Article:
New social studies, science testing halted by technical difficulties

Photo: Testing (Michael Surran)

In the middle of taking new statewide social studies and science tests Tuesday morning, thousands of Colorado students were told to stop. That’s because of technical difficulties originating at Pearson, Colorado’s for-profit testing contractor.

The Colorado Department of Education didn’t have the numbers of students affected, but more than 34,000 students were scheduled to take the test Tuesday. Students in fifth and eighth grades are taking new science assessments, and students in fourth and seventh grades are doing social studies tests.

Pearson detected the problem at 10:26 a.m. when it said the system was “registering degraded administrative functions. Primary symptoms of this condition included slow process in adding students, slow resumption of testing, and slow screen refreshes.”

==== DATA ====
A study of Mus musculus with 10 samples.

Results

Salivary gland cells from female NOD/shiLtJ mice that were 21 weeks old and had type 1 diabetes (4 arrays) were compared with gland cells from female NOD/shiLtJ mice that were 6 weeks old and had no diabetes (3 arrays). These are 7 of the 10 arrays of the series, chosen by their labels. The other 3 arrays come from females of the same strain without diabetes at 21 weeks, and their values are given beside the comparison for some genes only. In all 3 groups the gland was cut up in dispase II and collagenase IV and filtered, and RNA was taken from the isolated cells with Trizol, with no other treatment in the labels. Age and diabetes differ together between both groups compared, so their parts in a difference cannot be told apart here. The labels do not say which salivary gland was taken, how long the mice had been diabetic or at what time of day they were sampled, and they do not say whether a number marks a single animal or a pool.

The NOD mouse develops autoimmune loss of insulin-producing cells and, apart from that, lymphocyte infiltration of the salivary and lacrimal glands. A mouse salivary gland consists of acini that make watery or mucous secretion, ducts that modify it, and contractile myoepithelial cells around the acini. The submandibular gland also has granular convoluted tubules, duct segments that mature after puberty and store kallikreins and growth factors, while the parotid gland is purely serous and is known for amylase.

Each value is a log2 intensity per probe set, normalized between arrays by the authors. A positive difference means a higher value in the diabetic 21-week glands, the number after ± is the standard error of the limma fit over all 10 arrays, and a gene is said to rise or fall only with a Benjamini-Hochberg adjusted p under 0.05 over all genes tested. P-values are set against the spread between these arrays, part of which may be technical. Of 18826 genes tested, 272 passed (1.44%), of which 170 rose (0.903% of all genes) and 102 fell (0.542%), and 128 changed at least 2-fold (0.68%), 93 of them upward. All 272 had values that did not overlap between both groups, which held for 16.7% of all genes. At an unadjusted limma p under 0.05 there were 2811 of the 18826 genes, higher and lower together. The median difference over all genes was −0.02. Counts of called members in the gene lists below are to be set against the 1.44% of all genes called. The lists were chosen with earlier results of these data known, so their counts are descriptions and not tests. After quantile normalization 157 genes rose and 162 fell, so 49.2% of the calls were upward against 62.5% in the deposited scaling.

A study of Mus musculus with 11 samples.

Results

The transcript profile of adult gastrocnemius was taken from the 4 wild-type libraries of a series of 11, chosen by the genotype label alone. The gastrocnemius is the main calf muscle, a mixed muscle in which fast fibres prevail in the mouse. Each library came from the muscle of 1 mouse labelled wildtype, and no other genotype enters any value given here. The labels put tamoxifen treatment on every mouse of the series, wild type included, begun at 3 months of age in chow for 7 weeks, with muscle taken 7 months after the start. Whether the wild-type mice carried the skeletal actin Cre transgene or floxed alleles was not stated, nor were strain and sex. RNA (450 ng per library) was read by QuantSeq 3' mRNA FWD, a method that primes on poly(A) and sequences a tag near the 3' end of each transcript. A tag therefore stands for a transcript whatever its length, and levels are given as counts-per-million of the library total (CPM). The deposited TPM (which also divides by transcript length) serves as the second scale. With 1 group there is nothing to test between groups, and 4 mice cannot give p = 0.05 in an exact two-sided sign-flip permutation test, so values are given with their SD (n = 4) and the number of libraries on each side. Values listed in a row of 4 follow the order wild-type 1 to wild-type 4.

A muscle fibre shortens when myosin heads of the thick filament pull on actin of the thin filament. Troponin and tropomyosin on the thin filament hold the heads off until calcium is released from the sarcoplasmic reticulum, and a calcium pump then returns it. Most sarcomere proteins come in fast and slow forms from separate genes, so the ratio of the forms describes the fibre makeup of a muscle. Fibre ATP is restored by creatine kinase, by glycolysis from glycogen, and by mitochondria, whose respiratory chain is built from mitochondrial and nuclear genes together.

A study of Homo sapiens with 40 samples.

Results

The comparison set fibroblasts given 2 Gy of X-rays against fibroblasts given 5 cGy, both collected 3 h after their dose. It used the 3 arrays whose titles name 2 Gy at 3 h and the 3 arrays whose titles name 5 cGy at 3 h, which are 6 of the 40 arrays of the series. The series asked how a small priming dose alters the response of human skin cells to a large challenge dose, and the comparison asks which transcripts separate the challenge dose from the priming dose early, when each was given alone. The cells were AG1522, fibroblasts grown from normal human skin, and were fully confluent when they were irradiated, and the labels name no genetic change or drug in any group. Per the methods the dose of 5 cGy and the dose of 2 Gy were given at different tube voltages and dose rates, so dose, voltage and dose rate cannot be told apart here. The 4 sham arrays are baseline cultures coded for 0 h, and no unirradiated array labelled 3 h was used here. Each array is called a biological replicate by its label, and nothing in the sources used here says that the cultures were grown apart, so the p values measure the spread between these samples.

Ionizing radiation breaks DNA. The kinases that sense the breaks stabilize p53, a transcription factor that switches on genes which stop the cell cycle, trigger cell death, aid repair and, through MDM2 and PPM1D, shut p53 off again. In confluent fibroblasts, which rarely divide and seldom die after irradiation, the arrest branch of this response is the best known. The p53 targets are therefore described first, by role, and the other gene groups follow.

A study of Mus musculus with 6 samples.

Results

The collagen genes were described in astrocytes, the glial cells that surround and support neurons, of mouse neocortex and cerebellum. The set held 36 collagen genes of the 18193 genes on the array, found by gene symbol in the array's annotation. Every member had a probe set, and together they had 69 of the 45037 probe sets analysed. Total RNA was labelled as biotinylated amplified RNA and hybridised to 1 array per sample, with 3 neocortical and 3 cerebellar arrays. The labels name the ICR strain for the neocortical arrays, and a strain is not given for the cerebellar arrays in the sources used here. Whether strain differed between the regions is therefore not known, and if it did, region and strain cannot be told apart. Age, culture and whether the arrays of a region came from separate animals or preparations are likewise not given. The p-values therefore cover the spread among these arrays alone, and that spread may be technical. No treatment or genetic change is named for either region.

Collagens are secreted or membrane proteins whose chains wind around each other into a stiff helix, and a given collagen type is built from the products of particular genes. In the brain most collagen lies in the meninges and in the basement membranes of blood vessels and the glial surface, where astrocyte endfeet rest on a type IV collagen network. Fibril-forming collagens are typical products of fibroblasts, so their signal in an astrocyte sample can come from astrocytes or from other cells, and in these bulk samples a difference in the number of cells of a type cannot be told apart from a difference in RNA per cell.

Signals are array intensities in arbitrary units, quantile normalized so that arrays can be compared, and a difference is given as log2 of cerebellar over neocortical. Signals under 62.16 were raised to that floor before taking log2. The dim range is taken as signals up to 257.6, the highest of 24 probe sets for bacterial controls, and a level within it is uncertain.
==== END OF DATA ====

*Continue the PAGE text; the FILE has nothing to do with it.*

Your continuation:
CDE officials told schools to not start or resume additional tests.

Pearson said the testing resumed at 12:15 p.m., though processing was still slow. State officials said schools and districts had to decide whether to resume testing or test on another day.

While Pearson says students that had already begun testing prior to the service interruption were unaffected and able to continue and complete their sessions, some students and teachers reported that frustration levels were very high because the interruption disrupted schedules throughout schools.

But "the components of PearsonAccess that manage scoring and reporting were unaffected," said Pearson spokeswoman Stacy Skelly.

In Denver, 48 schools had started administering the test and 32 called the district's CMAS hotline to report issues with Pearson.

Even though the technical difficulties weren’t impacting students actively taking the test, because they prevented staff from actively monitoring testing from the dashboard, “DPS [Denver Public Schools] has decided to halt all testing for the remainder of the day,” a district administrator wrote in an email to schools.

“We must ensure we are not losing student data, and without the dashboard feature we cannot confirm that students are completing the test as expected."